Microsoft has changed the mission of an internal team that used to highlight shortcomings in open source software, and is now using it to recruit open source developers.
Microsoft’s worldwide Commercial Software Initiative (CSI) team, which until recently was tasked with both collaborating and competing with open source software, now aims to get open source developers to see the advantages of running their apps on Azure, CSI Vice President Mark Hill told CRN in an interview on Tuesday.
"In the past, we were more heavily weighted to competing [with open source software]. Right now, it is overwhelmingly about collaborating and attracting the open source community," Hill told CRN. "With Azure, we've put a lot of effort recently into making sure all the frameworks and interfaces are coded so that people can 'lift and shift' open source apps and they can run on Azure."
This is a subtle yet important shift for CSI, which was formed during the heyday of Microsoft's controversial 'Get The Facts' campaign against Linux, which ran from 2002 to 2007. While CSI has kept a low profile in recent years, Microsoft has posted job listings that suggested the team is still fighting against open source.
In a CSI job posting in December, Microsoft said candidates would need to be able to "Win share against Open Source Software (OSS) in the cloud, on devices, and in traditional workloads by changing perceptions of Microsoft and winning the socket."
In a separate CSI listing in February, Microsoft said it's looking for candidates who can "positively change perceptions" about Microsoft's support for open source software. "The core of this role is to win mind-share so that Microsoft can win market-share," Microsoft said in the job listing.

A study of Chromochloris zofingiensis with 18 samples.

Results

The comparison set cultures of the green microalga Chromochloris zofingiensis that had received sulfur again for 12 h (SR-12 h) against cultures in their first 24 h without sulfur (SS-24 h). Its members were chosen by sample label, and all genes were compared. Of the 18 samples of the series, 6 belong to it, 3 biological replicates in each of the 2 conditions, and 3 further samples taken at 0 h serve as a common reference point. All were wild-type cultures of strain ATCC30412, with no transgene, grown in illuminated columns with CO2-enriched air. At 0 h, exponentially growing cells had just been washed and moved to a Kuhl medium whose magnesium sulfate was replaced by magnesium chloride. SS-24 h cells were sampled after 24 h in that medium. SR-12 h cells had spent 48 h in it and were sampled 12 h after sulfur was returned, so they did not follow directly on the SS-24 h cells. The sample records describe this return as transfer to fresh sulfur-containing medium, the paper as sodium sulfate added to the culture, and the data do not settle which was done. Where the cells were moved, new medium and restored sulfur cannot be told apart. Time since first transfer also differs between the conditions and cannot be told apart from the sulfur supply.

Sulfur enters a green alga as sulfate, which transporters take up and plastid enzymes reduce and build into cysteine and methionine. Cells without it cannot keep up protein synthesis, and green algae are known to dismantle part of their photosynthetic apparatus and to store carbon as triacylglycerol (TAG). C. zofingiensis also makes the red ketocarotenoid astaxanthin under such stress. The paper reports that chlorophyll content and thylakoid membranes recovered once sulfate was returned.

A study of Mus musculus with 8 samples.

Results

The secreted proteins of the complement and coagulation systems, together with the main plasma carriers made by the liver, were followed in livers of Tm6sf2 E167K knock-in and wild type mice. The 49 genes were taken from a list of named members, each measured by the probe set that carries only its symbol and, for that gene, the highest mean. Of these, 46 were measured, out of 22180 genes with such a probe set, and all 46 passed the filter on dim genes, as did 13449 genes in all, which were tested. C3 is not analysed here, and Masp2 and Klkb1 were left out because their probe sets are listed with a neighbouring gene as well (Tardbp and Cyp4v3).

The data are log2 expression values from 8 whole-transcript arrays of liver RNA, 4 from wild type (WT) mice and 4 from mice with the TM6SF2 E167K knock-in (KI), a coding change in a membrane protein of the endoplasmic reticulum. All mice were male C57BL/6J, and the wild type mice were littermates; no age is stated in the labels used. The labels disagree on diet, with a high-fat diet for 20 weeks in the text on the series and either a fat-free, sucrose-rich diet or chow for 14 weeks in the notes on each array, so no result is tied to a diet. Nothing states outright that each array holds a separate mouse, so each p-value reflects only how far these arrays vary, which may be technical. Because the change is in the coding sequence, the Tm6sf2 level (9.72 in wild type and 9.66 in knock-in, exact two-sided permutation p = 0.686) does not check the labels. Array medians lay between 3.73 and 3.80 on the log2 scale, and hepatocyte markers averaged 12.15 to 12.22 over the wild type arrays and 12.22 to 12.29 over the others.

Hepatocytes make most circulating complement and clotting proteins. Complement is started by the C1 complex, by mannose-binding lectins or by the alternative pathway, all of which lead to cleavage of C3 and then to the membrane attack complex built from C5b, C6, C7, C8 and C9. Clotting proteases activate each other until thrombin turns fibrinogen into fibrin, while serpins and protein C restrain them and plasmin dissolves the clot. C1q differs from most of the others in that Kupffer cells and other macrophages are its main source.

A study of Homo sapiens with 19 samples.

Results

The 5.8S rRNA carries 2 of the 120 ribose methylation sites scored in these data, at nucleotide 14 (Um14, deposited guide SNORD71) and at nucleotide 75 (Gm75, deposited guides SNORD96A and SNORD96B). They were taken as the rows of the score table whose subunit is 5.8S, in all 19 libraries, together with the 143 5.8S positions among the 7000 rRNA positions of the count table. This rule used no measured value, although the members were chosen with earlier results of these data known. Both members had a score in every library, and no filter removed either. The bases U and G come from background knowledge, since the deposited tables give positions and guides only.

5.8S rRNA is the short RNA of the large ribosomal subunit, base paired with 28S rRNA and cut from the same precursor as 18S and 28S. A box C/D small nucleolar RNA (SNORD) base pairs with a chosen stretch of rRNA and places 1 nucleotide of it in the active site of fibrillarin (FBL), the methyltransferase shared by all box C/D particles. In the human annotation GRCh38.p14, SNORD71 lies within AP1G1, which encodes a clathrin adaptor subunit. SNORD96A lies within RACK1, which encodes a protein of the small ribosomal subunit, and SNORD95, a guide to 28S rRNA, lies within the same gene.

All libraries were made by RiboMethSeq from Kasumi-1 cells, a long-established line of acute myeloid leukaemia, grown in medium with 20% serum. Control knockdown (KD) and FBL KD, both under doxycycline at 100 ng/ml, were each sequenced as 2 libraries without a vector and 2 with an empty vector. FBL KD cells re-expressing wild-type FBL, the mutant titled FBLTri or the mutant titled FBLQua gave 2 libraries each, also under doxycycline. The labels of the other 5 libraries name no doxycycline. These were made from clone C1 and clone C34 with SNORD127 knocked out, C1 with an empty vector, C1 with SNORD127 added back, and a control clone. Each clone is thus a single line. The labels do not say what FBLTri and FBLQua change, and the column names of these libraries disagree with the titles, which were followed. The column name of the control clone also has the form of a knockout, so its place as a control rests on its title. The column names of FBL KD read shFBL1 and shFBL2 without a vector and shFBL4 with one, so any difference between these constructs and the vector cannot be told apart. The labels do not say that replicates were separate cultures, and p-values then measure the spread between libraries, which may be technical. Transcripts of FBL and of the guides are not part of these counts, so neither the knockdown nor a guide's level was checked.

It's Hill's job to show that this sort of thinking no longer defines Microsoft's approach to working with open source. And CEO Satya Nadella, who was already helping transform CSI when he was head of Microsoft's Cloud and Enterprise group, continues to play a key role, according to Hill.
"He's putting a lot of pressure on us -- in terms of what we offer [to developers], what we're doing with the open source community, and whether we're delivering the right products and services that partners and customers need," Hill told CRN.
Microsoft still plans to compete with certain types of open source products in certain situations. For example, Microsoft Office will continue to compete with OpenOffice in the desktop productivity software market, but Microsoft's support for open document formats will help customers who need interoperability between the two, Hill said.
In emerging markets where government officials sometimes see open source software as a way to save money, CSI will try to sway perceptions in favor of Microsoft software, said Hill.
However, the 50 or so CSI "leads" Microsoft has in place around the world are now primarily tasked with getting developers to see the advantages of building on its platform, Hill said.